About Sandra Poppema, B.Sc.
“I always wanted to train horses in a non-violent way. I used reward-based training for as long as I can remember, but it wasn’t always effective. Why? Because I didn’t know how to achieve my goal without (accumulating) pressure and sometimes even punishment to teach a horse what I wanted; it was not satisfying at all.
In 1999, during my final year studying Animal Management, I heard of equine clicker training for the first time. I learned the science behind positive reinforcement training and how to apply it correctly when training to builds trust, confidence and respect between horse and rider. This is what I had in mind when I was a little girl!
In 2007, I became a certified “Basic Instructor Dressage & Jumping” at the Royal Dutch Horse Sports Federation. In 2011 I became a Level 1 Certified Centered Riding instructor, because I needed to learn more about the rider’s seat and how it influences the horse’s movement.
A lot of horses of my clients had minor behavioural issues. They were hard to catch in the field, difficult to halter, bridle, saddle, deworm or trailer load. Sometimes their horses showed undesired behaviours during handling, like biting or walking away while being mounted.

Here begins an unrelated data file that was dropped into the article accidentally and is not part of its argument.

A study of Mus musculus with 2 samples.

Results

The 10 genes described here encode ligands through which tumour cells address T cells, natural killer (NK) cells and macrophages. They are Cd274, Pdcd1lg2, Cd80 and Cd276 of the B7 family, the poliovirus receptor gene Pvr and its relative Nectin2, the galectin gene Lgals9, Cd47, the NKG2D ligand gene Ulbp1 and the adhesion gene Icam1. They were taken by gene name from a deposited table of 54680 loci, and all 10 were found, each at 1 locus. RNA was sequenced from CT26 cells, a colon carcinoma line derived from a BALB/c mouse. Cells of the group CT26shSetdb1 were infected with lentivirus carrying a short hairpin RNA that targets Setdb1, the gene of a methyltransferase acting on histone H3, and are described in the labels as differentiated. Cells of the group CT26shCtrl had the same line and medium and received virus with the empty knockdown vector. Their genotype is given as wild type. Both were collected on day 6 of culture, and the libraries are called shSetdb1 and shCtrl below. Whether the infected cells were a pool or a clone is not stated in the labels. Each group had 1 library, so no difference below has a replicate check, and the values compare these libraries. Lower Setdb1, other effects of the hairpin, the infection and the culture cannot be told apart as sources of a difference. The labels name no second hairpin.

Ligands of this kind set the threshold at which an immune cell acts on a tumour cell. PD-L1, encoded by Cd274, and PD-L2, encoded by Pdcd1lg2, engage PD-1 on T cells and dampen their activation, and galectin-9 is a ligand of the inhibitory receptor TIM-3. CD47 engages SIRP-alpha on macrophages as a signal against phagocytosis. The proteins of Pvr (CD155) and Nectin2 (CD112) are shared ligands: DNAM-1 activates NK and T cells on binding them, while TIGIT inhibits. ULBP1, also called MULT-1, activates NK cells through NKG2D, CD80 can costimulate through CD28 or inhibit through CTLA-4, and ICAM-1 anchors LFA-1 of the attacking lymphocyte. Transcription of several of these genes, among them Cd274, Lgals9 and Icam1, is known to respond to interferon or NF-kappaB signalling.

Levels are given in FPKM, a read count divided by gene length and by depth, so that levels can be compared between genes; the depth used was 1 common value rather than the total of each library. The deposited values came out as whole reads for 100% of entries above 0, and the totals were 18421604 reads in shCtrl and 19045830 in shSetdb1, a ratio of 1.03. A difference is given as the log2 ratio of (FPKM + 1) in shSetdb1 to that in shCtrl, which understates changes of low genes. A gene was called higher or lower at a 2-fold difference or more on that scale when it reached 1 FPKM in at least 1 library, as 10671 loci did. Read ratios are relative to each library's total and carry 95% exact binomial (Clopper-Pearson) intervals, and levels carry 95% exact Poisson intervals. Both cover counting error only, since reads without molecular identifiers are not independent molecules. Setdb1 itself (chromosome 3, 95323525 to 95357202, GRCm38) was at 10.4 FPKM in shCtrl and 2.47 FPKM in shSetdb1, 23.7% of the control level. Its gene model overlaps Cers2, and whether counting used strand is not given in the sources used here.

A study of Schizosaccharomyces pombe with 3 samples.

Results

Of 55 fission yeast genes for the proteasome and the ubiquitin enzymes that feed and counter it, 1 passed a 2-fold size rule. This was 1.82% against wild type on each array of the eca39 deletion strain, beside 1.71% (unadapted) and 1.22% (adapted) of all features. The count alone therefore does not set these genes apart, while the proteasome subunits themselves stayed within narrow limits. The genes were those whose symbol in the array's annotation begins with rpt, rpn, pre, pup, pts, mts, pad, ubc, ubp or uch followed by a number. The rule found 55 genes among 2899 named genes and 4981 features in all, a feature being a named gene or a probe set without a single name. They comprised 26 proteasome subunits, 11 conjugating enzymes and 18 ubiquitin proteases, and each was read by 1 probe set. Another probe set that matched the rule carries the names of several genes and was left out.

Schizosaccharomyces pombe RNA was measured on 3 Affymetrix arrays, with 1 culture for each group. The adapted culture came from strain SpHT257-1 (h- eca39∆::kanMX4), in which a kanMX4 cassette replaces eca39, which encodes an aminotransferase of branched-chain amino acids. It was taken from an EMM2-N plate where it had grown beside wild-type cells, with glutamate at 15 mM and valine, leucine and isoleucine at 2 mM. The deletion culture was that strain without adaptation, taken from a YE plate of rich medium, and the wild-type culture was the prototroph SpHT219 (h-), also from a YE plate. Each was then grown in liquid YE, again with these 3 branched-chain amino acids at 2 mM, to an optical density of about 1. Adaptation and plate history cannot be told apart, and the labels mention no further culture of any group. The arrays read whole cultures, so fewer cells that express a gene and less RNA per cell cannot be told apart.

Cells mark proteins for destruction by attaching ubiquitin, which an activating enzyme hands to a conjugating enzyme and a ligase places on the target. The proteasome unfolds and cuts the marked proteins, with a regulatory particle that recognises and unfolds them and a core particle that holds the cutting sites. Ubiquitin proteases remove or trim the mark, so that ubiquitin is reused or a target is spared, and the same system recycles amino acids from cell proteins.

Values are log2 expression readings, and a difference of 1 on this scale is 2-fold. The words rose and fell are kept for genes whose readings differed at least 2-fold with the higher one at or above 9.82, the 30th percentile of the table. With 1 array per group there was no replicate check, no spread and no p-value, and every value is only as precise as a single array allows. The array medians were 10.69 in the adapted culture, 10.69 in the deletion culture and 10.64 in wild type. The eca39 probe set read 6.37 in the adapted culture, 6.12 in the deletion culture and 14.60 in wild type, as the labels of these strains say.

This is how I started helping riders train their own horses. I see much more value in coaching a horse owner how to train their horse, than me training their horse. If I do the work, the horse will listen to me, but I am not the person working with the horse on a daily basis. What horse owners really need is that their horse behaves safe around them and respond to their cues.
Kyra, my success story: From Feral to Fantastic
My current horse Kyra was born in 2008 in a nature reserve; she was 11 months old when I got her. She didn’t accept any human contact in the beginning. I tamed and trained her myself using reward-based methods.
In just three weeks, I could halter her, touch her all over, lift her feet and lead her around the premises. After just a few months of training Kyra now seeks out human contact. I used positive reinforcement to start her under saddle and she is doing great. This convinced me that it is possible to train a horse with reward-based horse training. My relationship with Kyra is very special. She greets me with a soft nicker and always comes to the gate as soon as she sees me or hears my car.
I like classical dressage and that involves a lot of work-in-hand (alignment training) and long reining. I also like trick training, Horse Agility and I take Kyra on trail rides. Giving positive reinforcement demo’s is on our bucket list.”